Intelligent Speed Adaptation and driving speed: Effects of different system HMI functionalities
发布时间:2014-4-1816:34:13来源:作者:Ioanna K. Spyropoulou, Matthew G. Karlaftis, Nick Reed   

Ioanna K. Spyropouloua,
Matthew G. Karlaftisb,
Nick Reedc



Highlights


•We investigate the effect of Intelligent Speed Adaptation on speed using a simulator.
•Three distinct system functionalities are used: informative, warning and intervening.
•Aggregate and disaggregate analysis on drivers’ maximum and mean speed is performed.
•Investigated metrics include speeding frequency and magnitude and the ECDF of speed.
•Warning and intervening ISA reduce speeding, but increase specific speed attributes.



Keywords
Speed; Intelligent Speed Adaptation; Human machine interface; Simulator; Intelligent transport systems; Driver behaviour



Abstract
In this paper we study driver behaviour changes when driving vehicles equipped with Intelligent Speed Adaptation (ISA) systems. The primary tool used is a driving simulator. Three different ISA human machine interface functionalities are investigated: informative, warning, and intervening. Data were extracted from the simulator along with questionnaires completed by drivers following each drive. Possible impacts of system functionalities on driver behaviour are studied through appropriate metrics including driving speed, speed deviation, frequency and magnitude of speeding and the empirical cumulative distribution function of speeding. Perceived impacts on drivers are investigated to identify driver attitudes towards the systems as well as possible relations between anticipated and measured behaviour. The study indicates that use of ISA systems, in general, results in the adoption of vehicle speeds that are likely to improve road safety. However, we also found that drivers may misuse ISA systems, potentially resulting in negative road safety effects.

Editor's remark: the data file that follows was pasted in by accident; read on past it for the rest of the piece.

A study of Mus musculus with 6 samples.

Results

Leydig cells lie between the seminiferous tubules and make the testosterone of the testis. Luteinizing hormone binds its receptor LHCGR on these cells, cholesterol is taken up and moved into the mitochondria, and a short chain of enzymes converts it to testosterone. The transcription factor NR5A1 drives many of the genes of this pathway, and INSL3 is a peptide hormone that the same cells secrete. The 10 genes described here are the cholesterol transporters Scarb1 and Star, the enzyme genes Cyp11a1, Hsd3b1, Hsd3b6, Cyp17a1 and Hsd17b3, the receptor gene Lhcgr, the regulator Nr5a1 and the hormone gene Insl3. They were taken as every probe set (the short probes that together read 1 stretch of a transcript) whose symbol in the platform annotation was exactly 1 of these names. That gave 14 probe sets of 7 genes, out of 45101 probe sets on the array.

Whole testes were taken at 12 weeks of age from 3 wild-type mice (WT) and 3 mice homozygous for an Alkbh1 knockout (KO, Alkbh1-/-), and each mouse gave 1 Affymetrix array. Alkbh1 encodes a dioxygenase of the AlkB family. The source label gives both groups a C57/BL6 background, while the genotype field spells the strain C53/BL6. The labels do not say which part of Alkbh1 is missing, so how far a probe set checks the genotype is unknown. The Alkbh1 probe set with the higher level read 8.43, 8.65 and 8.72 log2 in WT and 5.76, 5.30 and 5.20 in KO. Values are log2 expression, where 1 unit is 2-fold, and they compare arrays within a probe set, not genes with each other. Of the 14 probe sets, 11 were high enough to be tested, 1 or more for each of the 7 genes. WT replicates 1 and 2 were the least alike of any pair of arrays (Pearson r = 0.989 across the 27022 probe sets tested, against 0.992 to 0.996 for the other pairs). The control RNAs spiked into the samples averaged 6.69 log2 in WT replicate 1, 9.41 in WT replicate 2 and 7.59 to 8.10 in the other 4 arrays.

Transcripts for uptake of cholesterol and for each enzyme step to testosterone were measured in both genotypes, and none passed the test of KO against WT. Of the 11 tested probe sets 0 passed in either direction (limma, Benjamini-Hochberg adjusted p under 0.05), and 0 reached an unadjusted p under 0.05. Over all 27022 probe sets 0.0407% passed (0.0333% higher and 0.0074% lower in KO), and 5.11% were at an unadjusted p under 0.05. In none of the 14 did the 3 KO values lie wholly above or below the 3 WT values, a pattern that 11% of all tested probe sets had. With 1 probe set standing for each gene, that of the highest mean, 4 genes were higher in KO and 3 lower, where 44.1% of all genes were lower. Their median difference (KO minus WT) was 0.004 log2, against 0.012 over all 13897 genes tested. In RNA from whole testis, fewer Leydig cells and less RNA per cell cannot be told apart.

Article Outline
1. Introduction
2. Experimental design
2.1. ISA operation
2.2. Trial drives
2.3. Participant recruitment
2.4. Trial procedure

3. Results – driving simulator data
3.1. Driving speed indicators under different ISA functionalities – aggregate analysis
3.2. Driving speed indicators under different ISA functionalities – disaggregate analysis
3.3. Speeding frequency
3.4. Speeding magnitude
3.5. Speed percentiles

4. Subjective data – driver attitudes towards ISA
5. Conclusions
Acknowledgements
References



Figures
   

Fig. 1.

The DigiCar driving simulator at TRL.


Fig. 2.

Three different information messages provided by the informative ISA.


Fig. 3.

Empirical cumulative distribution function of speed (the circles on each line indicate the position of the 85th percentile).



Tables
   
Table 1. Participant characteristics.

Table 2. Maximum driving speed (mph).

Table 3. Average driving speed (mph).

Table 4. Standard deviation of speed (mph).

Table 5. Change in maximum driving speed as a result of the different ISA functionalities (number of drivers (%)).

Table 6. Change in mean driving speed as a result of the different ISA functionalities (number of drivers (%)).

Table 7. Proportion of time driven over and at the posted speed limit (%).

Table 8. Integral of driving speed and posted speed limit (mphs).

Table 9. Perceived usefulness and satisfaction.

Table 10. Driver perceptions on the impact of the systems on speed and road safety.